Head of the Upper School Dan Gleason is well known in the KO community. What many don’t know is that he is an avid saxophone player and has performed all over the world.
Dr. Gleason started playing the alto saxophone in fourth grade. “I was only ten when I started playing and I thought it looked shiny and cool,” he said.
In elementary school, he took saxophone lessons with the school. “I remember that my math teacher was upset because I had to be pulled out of math occasionally for my lessons,” he said. Starting in middle school, Dr. Gleason joined the band and played the alto sax while continuing to take lessons; however, he didn’t practice regularly until he reached high school.
“It was really a matter of finding intrinsic motivation and for me it happened in high school when I suddenly wanted to play more and get better. Once I found that, everything changed,” he said.
Dr. Gleason’s saxophone skills were largely impacted by a boy scout troop that was also a big band person that he played with. He wasn’t affiliated with the boy scouts but remained a saxophone player, continuing to refine his abilities. He participated in the band from sixth grade through high school. “The band was run by a very devoted college jazz instructor who worked with us on improvisation. I learned almost all the music theory I learned for him,” he said.
During high school, Dr. Gleason transitioned to playing the tenor sax. As a part of the concert band and jazz band, he played at school concerts. In addition, he was in a separate band with his friend who played the trumpet, as well as with other musicians; they played at local cafés.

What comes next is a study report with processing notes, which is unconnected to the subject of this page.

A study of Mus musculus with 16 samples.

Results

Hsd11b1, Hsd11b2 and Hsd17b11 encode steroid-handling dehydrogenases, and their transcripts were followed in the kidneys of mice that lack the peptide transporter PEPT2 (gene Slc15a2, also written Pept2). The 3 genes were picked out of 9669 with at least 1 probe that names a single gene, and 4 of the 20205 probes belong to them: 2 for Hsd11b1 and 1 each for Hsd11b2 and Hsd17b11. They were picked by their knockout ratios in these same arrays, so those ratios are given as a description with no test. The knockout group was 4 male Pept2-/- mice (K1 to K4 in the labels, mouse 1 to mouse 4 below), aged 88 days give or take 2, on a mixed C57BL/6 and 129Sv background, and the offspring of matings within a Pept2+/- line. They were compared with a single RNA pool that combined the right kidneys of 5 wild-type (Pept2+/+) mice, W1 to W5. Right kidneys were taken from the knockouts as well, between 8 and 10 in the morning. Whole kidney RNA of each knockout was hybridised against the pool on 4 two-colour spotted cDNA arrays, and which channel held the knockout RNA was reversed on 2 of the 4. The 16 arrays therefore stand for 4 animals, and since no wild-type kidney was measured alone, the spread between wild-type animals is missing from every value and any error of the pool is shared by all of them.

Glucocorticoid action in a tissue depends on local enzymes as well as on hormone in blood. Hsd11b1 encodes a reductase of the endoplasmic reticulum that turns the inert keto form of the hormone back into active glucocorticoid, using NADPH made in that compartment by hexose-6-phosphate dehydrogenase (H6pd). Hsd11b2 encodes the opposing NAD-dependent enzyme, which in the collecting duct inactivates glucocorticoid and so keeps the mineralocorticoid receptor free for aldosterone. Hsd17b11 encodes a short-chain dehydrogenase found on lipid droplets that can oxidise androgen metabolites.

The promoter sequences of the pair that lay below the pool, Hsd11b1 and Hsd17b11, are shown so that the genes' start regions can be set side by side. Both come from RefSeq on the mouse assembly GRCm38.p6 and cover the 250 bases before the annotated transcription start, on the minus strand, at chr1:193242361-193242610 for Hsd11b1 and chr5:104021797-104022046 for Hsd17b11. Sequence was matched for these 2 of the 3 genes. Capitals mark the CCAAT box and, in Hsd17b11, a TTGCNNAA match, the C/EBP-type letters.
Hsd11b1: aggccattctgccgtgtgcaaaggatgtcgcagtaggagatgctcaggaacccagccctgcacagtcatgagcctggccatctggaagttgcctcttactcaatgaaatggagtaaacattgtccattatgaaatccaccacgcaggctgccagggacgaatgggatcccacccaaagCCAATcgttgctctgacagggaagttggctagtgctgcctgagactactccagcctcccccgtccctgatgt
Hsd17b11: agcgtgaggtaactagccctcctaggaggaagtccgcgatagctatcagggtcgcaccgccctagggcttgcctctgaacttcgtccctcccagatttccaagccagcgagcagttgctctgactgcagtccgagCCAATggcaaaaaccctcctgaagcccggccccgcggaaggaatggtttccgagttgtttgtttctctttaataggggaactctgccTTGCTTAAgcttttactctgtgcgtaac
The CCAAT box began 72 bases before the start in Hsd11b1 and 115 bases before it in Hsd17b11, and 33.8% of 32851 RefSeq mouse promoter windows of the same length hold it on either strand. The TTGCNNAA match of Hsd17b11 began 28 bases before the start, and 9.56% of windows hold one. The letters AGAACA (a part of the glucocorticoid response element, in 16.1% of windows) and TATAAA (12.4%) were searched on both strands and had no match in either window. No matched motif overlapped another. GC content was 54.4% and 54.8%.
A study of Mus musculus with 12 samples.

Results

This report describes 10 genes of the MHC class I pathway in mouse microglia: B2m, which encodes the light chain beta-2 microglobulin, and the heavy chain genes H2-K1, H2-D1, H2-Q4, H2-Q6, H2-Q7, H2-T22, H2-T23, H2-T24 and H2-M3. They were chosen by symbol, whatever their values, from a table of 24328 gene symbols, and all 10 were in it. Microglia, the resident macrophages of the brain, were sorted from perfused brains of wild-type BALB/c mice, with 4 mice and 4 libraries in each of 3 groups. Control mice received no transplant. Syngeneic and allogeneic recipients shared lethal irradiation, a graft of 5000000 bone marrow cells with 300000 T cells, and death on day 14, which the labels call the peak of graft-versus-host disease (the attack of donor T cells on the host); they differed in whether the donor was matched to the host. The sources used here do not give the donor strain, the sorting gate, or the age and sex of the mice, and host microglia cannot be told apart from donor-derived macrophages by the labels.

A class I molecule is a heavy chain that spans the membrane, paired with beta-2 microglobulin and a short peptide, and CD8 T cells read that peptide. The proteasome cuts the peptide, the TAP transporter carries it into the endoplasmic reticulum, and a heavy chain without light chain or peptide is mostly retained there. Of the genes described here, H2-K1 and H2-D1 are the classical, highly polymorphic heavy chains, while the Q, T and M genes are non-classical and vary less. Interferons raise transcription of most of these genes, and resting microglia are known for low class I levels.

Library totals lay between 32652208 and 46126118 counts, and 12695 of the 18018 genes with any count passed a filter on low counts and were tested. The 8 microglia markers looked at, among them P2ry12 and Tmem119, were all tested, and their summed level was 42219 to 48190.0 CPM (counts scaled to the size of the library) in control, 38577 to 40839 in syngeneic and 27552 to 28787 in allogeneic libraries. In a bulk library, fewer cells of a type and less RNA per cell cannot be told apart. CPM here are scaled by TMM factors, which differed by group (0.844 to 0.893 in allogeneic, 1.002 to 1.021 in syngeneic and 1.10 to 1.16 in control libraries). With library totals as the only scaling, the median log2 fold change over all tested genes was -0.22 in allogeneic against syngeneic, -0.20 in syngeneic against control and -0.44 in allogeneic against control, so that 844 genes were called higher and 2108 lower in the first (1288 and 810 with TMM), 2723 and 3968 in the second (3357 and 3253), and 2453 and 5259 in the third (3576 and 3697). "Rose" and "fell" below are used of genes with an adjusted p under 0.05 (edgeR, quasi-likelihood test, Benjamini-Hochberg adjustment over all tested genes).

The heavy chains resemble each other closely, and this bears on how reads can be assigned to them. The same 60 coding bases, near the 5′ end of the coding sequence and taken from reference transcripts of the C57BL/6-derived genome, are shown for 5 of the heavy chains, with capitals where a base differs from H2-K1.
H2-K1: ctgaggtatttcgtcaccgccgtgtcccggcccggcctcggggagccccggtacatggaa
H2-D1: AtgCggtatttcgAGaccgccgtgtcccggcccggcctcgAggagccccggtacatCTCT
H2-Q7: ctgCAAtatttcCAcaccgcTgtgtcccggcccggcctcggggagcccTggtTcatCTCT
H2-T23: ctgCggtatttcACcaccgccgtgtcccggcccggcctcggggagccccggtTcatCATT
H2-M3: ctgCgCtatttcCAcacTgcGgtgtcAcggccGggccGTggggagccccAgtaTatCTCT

Dr. Gleason attended Pomona College, where he played at college parties and events. His band also had the opportunity to open for many popular groups such as “Jurassic 5” and “The Alcoholics.” While studying abroad in Scotland, he continued to play at bars with friends in Edinburgh.
After college, Dr. Gleason got a job in Japan teaching English to students. He played in different bands and performed at several concerts. The big bands were very polished and making the melodies and heads sound perfect was something that the director really emphasized.
After practices, Dr. Gleason and other musicians would get together and hang out. “I played music with people and we would end up at Denny’s for dessert at midnight and it was always really fun,” he said. Dr. Gleason also spent time in San Francisco, playing at a wine bar, and he later moved to Chicago, where he and his trumpeter friend played some events.
In Chicago, Dr. Gleason taught at a school where he also participated in talent shows and taught jazz improvisation classes. “It was a great way to connect with students. Music is like communicating in a different way,” he said.
While it has been some time since Dr. Gleason last performed, he has practiced a little with the KO jazz band.“It was really surprising because he doesn’t talk about playing often, but he is phenomenal. He is really good at listening and building on others,” said senior and tenor saxophone player Elan Stadelmann.
Recently, Dr. Gleason has also gotten back into practicing, using play along tracks made by Jamey Aeberssold. He hopes to be able to practice more with the jazz band in the future. “What makes playing the saxophone fun for me is when I play jazz, there are a lot of creative liberties that can be taken and I enjoy that freedom to stretch out and improvise.”